News on the new era of the Eagles
They could have padded the corners of this move by starting Chase Daniel for a few games. Regardless of what coach Doug Pederson said, it's difficult to believe he wouldn't have preferred giving at least a token shot to the guy he lobbied to come here with the promise that if opportunity arose that would happen. Considering Pederson's own playing history in this very same situation, and considering Wentz's so-recently broken ribs, it is astounding that didn't take place.
Instead, the Carson Wentz era begins swaddled in a flak jacket and with the wearer still green to the position at this level. He is being put in a tough spot, one that indicates how much the organization expects of him and how little it expects of the season that begins Sunday.
It began way back in the early spring when the Eagles spent as much time with Wentz as they possibly could to get a feel for what he was all about and how he would handle the NFL stage. It carries through to this moment, as he prepares for his NFL regular season debut as a starting quarterback in front of a frenzied sellout crowd at Lincoln Financial Field on Sunday. Everything is a new experience for Wentz, who played in just one game in the preseason before suffering hairline fractures in two ribs. Wentz started two dozen games at North Dakota State against competition a level below the very highest in the college football landscape. He threw 24 passes in the preseason before suffering the injury.
To say he enters the regular season a bit wet behind the ears is accurate in terms of how much he has played. But the Eagles have been impressed with everything Wentz has done on and off the field, how his maturity and intelligence have allowed him to digest the playbook. Add in his tenacity and his natural ability to throw the football from many different angles and the Eagles think they have something special.
But there is more to the trade than just the $11 million. The Eagles were also on the hook for an additional $11 million in salary if he remained on the team, and possibly $15 million if injured. This would all be for a player they really did not want on the team. So The Eagles transferred all of that to the Vikings. In essence its a net 0. The Vikings offset the Eagles initial $11 million cost by providing them $11 million in cap and cash relief plus a 1st round draft pick. In that respect this is highway robbery by the Eagles.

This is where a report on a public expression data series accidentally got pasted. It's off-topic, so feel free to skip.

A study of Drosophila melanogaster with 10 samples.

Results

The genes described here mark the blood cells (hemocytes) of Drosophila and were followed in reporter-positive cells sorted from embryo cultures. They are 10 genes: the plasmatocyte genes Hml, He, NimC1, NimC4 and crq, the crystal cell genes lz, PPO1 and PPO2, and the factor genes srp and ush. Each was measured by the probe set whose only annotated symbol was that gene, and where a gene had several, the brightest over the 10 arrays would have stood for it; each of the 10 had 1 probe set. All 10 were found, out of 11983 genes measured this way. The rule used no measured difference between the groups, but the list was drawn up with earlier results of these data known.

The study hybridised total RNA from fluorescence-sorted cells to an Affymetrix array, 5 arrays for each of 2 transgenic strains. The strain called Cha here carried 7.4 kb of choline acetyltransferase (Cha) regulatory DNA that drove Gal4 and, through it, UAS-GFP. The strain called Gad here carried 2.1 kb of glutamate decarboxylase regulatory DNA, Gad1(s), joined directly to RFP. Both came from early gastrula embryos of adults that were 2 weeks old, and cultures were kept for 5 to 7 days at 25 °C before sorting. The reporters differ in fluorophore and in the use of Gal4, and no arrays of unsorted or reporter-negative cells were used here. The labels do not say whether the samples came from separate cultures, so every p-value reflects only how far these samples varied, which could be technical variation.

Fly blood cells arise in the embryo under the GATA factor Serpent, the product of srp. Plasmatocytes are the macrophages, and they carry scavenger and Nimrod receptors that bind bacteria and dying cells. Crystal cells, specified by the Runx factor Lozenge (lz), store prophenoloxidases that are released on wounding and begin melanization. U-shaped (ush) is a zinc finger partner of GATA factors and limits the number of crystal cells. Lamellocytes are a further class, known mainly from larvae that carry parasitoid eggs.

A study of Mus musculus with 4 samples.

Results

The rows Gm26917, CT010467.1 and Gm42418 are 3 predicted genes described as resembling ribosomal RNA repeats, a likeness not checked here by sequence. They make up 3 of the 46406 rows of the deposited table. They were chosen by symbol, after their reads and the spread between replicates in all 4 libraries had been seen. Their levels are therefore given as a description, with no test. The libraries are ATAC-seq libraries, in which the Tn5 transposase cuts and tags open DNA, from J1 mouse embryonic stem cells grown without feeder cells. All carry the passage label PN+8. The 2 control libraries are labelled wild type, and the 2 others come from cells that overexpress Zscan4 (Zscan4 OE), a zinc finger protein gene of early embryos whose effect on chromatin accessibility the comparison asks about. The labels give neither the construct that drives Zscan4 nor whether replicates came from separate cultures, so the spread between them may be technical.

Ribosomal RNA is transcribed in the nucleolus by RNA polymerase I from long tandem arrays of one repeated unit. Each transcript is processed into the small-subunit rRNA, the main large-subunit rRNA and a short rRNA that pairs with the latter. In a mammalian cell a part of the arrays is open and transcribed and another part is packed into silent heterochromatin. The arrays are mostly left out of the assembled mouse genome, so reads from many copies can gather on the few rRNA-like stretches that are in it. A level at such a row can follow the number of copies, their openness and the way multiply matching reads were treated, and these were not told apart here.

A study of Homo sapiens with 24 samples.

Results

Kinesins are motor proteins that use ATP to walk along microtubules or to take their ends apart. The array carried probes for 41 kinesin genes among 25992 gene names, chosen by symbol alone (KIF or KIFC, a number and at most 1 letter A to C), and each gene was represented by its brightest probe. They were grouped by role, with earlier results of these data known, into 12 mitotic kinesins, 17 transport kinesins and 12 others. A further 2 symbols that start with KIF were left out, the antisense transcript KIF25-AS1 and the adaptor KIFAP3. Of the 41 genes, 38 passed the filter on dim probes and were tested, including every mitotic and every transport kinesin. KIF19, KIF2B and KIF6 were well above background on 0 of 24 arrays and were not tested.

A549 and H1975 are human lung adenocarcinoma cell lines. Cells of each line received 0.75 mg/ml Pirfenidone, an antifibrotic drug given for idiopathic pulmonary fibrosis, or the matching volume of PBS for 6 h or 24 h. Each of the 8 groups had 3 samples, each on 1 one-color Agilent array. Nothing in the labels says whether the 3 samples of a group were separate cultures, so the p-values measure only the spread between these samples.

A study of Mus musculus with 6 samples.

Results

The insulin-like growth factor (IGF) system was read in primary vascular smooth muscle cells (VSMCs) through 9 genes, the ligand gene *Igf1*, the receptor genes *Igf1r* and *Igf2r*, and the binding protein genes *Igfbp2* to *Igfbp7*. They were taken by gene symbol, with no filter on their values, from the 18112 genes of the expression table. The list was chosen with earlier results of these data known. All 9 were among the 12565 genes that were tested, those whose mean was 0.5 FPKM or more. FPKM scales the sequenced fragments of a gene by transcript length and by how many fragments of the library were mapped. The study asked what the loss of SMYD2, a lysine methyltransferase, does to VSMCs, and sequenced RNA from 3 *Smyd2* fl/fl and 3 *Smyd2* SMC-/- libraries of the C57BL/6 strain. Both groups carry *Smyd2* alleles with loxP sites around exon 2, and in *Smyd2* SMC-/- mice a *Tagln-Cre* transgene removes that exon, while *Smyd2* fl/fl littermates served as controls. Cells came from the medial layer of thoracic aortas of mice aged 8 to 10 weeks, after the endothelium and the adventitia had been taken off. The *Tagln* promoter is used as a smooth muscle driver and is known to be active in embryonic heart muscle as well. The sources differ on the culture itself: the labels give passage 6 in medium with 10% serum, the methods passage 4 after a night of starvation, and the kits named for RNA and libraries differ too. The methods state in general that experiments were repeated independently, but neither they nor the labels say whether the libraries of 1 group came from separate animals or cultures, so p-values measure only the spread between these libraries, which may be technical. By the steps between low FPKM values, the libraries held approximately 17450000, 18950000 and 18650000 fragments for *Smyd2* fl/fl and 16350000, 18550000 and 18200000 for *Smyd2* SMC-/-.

The trade also indicates why teams should be more flexibile in their contract structures. The Eagles have been incredibly active in free agency and the trade market. They paid Byron Maxwell and DeMarco Murray $11 million in bonus money last season but guaranteed them millions more in base salary. It was those guarantees that got the deals done. Bradford received $11 million as a signing bonus. The Eagles turned around and traded those players, trades that would not have been possible had they used large signing bonuses or perhaps appealing enough if they used an all cash strategy. Its a perfect blend of allocation to be able to deal with the moves on your salary cap while also teasing another team with some prepayment on a contract to convice them they are getting a bargain.
“The whole time all along I was just getting ready for whenever this time would come,” Wentz said. “I knew I was ready. I knew I was taking the mental reps, being out the last couple of weeks, even going out to the first preseason game. I was developing at a fast pace and now it’s here. I’m confident in myself, I’m confident in this team. I’m excited for it.”